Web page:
ExtremismThe Great Replacement, White Genocide Theories: Prevalence, Scale, Proliferation

Published 10 July 2019

A new in-depth study of the Great Replacement and White Genocide, two racist conspiracy theories with hundreds of thousand followers – some of them violent — in Europe and the United States, has found that the proliferation of theses conspiracy theories was helped by their mainstreaming by elected officials, and the active promotion by alternative far-right media outlets.

A new report from ISD Global presents the findings of a project that investigated the prevalence, scale and nature of the ideologies and narratives that motivated the attack which left 51 dead and injured a further 50 more during Friday prayers at the Al Noor Mosque and the Linwood Islamic Centre in Christchurch, New Zealand. The report explores the origins of the ‘Great Replacement’ and ‘white genocide’ theories and the dynamics and platforms which have allowed the ideas to spread. Using a combination of quantitative and qualitative analysis across mainstream and alternative social media channels, the report reveals significant mainstreaming of extreme-right narratives across social media platforms and in language and policies promoted by mainstream politicians in Europe and North America. This report provides recommendations for steps to be taken by technology companies, government and civil society to counter the spread of extremist ideologies.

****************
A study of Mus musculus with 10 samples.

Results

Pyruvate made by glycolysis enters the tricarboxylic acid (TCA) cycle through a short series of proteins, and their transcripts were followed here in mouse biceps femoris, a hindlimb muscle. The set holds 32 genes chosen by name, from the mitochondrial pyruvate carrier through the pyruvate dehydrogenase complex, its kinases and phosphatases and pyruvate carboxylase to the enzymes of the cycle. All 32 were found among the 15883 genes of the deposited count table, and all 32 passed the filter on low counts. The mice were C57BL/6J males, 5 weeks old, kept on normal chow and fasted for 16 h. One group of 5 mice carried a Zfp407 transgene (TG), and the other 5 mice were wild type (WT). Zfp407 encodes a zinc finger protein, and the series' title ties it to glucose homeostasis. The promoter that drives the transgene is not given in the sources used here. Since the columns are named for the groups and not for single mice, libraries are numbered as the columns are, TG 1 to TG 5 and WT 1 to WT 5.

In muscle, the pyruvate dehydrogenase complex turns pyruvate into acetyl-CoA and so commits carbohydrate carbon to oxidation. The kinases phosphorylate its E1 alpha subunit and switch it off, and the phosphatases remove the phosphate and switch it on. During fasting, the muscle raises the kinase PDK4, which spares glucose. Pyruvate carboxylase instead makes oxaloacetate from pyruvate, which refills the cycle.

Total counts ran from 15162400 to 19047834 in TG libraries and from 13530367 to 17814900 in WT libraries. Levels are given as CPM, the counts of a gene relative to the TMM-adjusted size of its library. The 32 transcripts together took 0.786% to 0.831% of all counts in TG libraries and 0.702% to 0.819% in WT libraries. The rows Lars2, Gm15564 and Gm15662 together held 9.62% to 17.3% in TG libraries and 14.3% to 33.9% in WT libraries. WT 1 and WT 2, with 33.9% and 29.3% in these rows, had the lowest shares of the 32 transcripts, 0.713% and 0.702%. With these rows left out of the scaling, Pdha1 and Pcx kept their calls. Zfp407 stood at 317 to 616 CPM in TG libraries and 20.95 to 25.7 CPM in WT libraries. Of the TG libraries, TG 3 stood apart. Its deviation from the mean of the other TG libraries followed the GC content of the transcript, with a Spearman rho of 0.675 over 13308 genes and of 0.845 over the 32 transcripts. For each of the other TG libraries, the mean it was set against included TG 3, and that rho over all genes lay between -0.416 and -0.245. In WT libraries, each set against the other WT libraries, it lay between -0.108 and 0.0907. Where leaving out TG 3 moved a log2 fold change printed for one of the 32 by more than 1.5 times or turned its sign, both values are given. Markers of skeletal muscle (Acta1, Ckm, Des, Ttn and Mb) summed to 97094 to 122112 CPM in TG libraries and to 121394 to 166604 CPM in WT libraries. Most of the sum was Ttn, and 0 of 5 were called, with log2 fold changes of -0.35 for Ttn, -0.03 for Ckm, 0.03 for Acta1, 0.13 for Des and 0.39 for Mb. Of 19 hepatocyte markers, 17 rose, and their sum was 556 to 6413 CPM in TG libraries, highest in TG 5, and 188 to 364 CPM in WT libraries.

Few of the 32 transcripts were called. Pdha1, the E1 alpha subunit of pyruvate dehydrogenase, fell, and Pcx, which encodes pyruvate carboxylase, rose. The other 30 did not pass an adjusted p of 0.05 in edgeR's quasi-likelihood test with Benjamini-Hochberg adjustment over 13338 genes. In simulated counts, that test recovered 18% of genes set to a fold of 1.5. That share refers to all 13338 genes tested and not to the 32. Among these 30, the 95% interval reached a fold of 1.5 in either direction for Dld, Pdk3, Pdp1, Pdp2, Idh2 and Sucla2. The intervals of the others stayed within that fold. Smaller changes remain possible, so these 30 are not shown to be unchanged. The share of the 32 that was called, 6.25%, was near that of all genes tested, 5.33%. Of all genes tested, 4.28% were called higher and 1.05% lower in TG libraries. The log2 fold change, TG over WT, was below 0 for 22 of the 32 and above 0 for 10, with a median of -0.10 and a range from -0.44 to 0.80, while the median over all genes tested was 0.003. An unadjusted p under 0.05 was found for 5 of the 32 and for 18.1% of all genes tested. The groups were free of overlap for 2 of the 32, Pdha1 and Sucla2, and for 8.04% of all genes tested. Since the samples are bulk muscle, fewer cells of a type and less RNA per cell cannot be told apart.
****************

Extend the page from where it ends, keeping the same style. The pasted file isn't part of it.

Here are the three sections from the report:

Executive Summary
On 15 March 2019 a shooter killed 51 individuals and injured 50 more in an alleged terrorist attack during Friday prayers at the Al Noor Mosque and the Linwood Islamic Centre in Christchurch, New Zealand. It is alleged that the attacker left behind documentation outlining his motivation for the attack. This so-called manifesto referenced two interlinked conspiracy theories which have come to dominate the ideology of the international extreme-right – the Great Replacement theory and the White Genocide theory.

These theories focus on the premise that white people are at risk of being wiped out through migration, miscegenation or violence. This sort of thinking is not new, and concepts which amplify ethnic and cultural differences between whites and non-whites have long been leveraged to justify conflict in supremacist circles. However, recently these concepts have come to dominate the ideology of extreme-right groups, providing the ideological glue which ties together an increasingly cohesive, networked and transnational extreme-right.

This paper explores the dynamics which enable the growth of this toxic ideology. It outlines the origins, internationalization and mainstreaming of these concepts. In particular, it focuses on the role of the Identitarian Movement, whose supporters are important proponents of the Great Replacement theory, and have increasingly advocated for remigration – the forced deportations of migrant communities to create an ethnically and culturally homogenous society.